Whilst setting prices based on trade values works (the stock market works this way for example) it is (or should be) self-regulating by having a very large number of traders involved in the setting of the price. So a few players cannot rig the market because they would be a small factor in trading. However, this still cannot prevent abuses caused by very large players trading or by a lot of traders all deciding to trade (eg someone with a lot of money makes a trade, that will affect the price disproportionately, similarly see tulip bubbles for examples of how prices were set irrationally by many traders)
So for a game, you need to put brakes on these, just to ensure stability in the game that would not come from the usual routes in real life.
Perhaps the easiest way is to introduce a large number of NPC players who trade on a moving (ie historical) average. Then PCs cannot manipulate the market as their trades are simply lost in the mass of other trades. Unfortunately this would also prevent the kind of price fluctuation you want. You'll have to tweak the number of NPCs to find the right balance.
The other aspect is supply and demand, you can have prices set according to the quantity of some resource. If a banana costs me $1 today, and tomorrow someone finds a new supply of bananas doubling the number present in the universe, the price of a banana will (theoretically) drop overnight to 50c. You can use the same mechanism (which won't be as extreme) to regulate prices. (obviously the opposite holds true too). If you also introduce a localisation effect, where supply is greater or lesser in various areas, you create trading routes - ie my island that makes bananas has lots of them, so price is low, whereas the city that has none, the price is high. As more of the bananas are moved from island to city, the price rises in one and drops in the other, finding a balance.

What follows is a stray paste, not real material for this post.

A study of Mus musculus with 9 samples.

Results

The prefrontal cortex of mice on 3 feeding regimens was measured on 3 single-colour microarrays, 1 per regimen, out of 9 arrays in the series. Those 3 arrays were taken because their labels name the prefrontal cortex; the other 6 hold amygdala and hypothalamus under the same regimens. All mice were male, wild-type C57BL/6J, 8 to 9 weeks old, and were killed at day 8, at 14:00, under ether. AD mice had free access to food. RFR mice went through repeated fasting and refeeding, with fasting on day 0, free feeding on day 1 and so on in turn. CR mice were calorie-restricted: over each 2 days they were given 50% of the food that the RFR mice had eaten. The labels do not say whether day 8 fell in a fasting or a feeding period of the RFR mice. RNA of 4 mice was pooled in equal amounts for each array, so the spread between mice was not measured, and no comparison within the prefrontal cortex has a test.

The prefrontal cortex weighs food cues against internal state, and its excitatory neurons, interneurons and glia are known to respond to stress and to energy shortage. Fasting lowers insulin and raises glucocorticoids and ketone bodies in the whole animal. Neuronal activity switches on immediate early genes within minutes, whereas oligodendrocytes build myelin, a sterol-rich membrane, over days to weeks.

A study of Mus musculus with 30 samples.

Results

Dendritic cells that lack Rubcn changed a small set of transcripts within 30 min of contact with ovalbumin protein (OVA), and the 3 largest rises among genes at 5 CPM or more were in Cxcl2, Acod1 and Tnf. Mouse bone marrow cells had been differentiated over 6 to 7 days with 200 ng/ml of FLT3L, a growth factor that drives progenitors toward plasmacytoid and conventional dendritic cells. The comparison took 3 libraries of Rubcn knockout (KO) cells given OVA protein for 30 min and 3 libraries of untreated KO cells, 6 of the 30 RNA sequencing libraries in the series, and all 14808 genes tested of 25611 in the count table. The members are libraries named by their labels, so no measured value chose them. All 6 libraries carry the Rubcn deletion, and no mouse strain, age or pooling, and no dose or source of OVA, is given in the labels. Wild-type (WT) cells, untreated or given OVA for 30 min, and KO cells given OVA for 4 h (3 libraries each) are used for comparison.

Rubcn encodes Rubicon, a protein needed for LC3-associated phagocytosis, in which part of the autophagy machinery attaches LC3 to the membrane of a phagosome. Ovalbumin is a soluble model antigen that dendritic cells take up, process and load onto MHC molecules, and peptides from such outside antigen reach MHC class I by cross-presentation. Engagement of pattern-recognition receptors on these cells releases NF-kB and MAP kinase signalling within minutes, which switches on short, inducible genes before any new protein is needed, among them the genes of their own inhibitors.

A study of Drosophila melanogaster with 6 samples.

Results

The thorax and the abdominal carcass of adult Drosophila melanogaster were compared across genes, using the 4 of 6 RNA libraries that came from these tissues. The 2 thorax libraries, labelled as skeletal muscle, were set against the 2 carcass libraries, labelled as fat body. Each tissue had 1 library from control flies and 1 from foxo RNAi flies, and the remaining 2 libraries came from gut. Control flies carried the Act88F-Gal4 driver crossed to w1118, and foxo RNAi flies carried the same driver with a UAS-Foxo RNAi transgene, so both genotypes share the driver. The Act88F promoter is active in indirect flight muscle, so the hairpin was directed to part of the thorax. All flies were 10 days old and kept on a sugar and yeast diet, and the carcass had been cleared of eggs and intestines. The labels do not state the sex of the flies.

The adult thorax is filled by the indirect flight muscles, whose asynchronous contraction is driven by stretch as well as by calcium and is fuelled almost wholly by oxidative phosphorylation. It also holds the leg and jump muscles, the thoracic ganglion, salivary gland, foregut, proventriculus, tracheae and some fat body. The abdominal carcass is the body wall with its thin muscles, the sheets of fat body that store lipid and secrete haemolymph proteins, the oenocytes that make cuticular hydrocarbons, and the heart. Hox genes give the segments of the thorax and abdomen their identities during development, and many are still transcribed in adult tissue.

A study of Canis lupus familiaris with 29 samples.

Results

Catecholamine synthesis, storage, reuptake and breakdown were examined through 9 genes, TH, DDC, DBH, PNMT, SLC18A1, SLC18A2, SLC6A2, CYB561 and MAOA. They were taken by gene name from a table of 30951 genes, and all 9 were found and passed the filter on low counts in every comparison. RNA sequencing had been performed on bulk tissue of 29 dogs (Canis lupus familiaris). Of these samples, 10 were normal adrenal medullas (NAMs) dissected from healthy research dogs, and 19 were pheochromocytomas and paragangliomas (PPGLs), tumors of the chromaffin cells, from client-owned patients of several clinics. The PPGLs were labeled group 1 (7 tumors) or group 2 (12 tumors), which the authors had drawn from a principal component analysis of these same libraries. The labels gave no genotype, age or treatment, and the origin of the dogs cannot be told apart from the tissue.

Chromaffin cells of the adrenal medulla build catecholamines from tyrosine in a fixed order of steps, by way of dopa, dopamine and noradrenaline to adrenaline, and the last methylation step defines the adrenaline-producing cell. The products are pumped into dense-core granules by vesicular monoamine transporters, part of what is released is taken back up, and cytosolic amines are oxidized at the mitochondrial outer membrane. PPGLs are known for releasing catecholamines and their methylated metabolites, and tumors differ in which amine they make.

So set an arbitrary price for each resource, allow NPC movement of goods from low-price areas to high-price areas, introduce consumptions and production of these resources and let the game stabilise itself. Then the players, and random effects (eg natural disasters, increase and decrease in production, NPC attacks on trade routes, etc) will de-stabilise the prices all by themselves.
Its important to handle quantity here, rare items will hold their value regardless of where they are and won't be affected by economies unless you want to get advanced and set prices through the supply of money - that introduces inflation which will destabilise things further and require an equal continual influx of currency to keep the economy moving. This isn't such a bad thing as it means nobody can sit on their wealth and expect it to retain its value, so they have to keep working.